McCutchen accomplished in just one year

McCutchen accomplished in just one year

PITTSBURGH -- Three hundred sixty-five days ago, the Pirates started a kinetic 22-year-old in center field, the first in a slew of high first-round Draft picks to reach the big leagues with the hope of leading the franchise in a new direction. Batting leadoff that night, the rookie scored three times, notched two singles, drove in a run and stole a base in a winning effort.

On Friday night, batting leadoff again after stints in the order at second and third, Andrew McCutchen took the field against the Giants leading his team this season in batting average, on-base percentage and slugging percentage. He has connected for the Pirates' most hits, stolen the most bases and scored the most runs.

"I guess I've been doing a pretty good job," McCutchen humbly stated. "I'm improving, and that's what I've been looking for. That's my goal: to improve every year. And I've been able to do that."

In virtually all categories, McCutchen is on pace to finish with better numbers than last season, when he played 108 games. But the 23-year-old has improved his batting average, on-base percentage and slugging percentage from a year ago -- marks he attributes to starting the season at the Major League level.

He entered Friday having played in 160 games, more than any Major League outfielder since his debut, and he has recorded 185 hits, the second most in franchise history through 160 games. (In 1933, Arky Vaughan had 191 hits through his first 160 games.)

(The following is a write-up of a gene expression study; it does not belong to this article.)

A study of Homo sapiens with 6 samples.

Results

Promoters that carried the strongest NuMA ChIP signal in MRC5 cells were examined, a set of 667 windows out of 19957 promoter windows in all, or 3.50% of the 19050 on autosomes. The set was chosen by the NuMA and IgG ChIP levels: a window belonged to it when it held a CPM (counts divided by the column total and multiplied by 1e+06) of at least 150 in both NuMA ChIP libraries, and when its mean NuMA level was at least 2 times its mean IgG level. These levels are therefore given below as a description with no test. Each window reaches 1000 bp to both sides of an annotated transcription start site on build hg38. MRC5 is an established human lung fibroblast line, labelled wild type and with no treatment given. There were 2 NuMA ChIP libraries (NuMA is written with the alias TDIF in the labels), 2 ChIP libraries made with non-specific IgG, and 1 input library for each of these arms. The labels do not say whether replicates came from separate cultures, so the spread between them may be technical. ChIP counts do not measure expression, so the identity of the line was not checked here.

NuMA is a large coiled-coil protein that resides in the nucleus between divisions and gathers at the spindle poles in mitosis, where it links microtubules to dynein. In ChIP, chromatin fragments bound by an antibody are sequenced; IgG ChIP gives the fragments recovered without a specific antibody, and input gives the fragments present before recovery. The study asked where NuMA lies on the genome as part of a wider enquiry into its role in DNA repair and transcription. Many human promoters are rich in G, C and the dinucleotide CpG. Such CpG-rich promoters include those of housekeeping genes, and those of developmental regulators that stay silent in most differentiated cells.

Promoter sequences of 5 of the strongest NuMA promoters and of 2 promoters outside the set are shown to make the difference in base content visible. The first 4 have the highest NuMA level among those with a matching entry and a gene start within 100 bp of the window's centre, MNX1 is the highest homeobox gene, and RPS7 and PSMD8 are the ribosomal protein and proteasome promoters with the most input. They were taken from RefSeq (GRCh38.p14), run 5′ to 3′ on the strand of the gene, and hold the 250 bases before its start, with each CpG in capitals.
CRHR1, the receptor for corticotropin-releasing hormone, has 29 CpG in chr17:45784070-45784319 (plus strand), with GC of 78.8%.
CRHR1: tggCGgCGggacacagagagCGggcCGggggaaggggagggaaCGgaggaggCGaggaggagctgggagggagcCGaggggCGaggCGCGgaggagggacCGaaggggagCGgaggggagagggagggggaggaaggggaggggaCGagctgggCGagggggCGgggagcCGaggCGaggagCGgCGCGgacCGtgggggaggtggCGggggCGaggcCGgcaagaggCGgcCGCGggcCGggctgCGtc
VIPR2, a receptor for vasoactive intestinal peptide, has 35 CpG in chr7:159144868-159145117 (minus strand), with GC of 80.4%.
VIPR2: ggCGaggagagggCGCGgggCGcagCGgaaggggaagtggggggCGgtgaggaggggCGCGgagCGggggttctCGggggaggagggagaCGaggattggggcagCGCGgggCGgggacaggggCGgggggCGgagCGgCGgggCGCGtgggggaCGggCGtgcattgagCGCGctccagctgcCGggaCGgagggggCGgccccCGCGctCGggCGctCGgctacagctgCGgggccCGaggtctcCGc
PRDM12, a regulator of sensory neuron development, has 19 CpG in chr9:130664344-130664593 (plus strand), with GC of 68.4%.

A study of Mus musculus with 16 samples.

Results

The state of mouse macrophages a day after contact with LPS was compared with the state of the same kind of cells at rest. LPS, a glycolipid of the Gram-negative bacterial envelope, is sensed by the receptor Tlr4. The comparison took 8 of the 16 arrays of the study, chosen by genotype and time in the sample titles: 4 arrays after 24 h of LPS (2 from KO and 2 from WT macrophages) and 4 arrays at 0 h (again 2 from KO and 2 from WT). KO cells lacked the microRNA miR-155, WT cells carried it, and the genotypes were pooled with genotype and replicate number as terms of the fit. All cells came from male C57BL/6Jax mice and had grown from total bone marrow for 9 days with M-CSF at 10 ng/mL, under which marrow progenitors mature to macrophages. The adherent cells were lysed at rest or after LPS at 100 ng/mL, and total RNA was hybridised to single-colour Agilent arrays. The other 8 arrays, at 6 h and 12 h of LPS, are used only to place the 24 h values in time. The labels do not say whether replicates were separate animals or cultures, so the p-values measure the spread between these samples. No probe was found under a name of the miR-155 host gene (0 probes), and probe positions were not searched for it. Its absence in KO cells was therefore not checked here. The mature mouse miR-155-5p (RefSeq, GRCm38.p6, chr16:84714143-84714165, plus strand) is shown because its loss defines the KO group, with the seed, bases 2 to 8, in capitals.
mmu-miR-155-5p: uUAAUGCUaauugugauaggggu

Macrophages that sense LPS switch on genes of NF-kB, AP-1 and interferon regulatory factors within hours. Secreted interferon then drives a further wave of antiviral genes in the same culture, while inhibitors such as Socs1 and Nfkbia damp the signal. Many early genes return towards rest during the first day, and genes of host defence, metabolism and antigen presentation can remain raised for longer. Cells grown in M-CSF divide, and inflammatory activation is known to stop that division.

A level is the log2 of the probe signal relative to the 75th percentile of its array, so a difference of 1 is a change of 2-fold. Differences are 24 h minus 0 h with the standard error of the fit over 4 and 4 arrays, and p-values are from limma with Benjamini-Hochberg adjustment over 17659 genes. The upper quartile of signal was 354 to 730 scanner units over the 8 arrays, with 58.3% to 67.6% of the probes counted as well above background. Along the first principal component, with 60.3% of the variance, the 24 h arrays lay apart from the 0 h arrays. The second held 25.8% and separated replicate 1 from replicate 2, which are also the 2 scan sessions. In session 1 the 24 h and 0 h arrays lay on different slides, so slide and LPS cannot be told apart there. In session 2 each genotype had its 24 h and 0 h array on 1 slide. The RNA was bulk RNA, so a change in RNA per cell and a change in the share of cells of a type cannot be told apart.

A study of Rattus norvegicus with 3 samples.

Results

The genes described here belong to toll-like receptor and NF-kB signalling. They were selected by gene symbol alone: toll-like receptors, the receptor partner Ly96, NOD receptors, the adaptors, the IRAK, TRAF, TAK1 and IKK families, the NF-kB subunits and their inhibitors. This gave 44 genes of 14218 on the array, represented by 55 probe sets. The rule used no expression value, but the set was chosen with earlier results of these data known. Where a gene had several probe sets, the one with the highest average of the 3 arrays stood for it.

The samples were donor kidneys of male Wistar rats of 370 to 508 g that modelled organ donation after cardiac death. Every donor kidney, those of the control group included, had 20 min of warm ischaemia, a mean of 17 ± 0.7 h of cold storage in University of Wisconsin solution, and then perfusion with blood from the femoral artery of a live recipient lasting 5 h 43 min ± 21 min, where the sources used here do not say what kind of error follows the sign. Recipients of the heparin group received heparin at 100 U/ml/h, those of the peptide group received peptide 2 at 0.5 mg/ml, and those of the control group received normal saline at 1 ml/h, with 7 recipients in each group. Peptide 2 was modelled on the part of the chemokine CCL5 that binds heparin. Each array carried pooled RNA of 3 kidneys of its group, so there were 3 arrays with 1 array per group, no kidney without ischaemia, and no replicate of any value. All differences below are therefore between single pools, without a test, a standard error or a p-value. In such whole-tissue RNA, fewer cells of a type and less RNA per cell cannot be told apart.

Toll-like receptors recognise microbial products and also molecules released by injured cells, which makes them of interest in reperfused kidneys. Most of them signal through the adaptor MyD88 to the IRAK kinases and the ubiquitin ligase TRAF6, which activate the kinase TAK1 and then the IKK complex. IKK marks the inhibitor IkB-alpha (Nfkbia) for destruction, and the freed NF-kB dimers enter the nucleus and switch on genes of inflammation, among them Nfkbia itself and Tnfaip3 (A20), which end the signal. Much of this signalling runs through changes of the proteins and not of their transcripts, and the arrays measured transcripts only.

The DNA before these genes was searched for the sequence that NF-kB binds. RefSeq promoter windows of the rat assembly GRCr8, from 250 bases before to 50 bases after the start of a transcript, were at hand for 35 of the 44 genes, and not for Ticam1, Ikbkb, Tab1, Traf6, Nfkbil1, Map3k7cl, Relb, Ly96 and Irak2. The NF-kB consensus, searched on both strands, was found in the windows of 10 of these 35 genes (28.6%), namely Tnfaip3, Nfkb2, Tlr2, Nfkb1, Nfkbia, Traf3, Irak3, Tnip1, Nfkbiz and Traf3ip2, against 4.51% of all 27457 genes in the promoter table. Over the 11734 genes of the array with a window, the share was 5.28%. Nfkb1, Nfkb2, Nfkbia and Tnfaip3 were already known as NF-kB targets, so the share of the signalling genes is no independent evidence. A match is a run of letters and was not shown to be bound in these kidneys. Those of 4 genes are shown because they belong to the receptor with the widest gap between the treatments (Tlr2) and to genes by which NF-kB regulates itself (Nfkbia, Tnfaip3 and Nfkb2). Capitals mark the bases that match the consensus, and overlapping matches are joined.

"It definitely is different," McCutchen said of this season. "You feel a certain level of comfortness, just to be able to come in and to be able to come up and get your at-bats.

"At the beginning, you're kind of just asking yourself, 'What can I do? Can I be able to just go out there and be able to perform every day?'"

Now, 161 games into a promising career, McCutchen's energy chasing down fly balls and rounding the bases have endeared him to the hopeful fanbase that sees the fun he brings to the game as a sign of things to come.

"I've always been that guy; I've always liked to keep the team kind of hyped up and just keeping them on their toes," McCutchen said. "So I've had fun with that, because this game's already as difficult as it is, and so it's good just to be that person to come through and be able to just go out and kind of lighten everybody up.

"It lets you know that this game still is fun. It's what we do for a living, but at the same time, it's what we love doing, so I've just got to remind people that hey, this is a fun game, too."

Matt Fortuna is an associate reporter for MLB.com. This story was not subject to the approval of Major League Baseball or its clubs.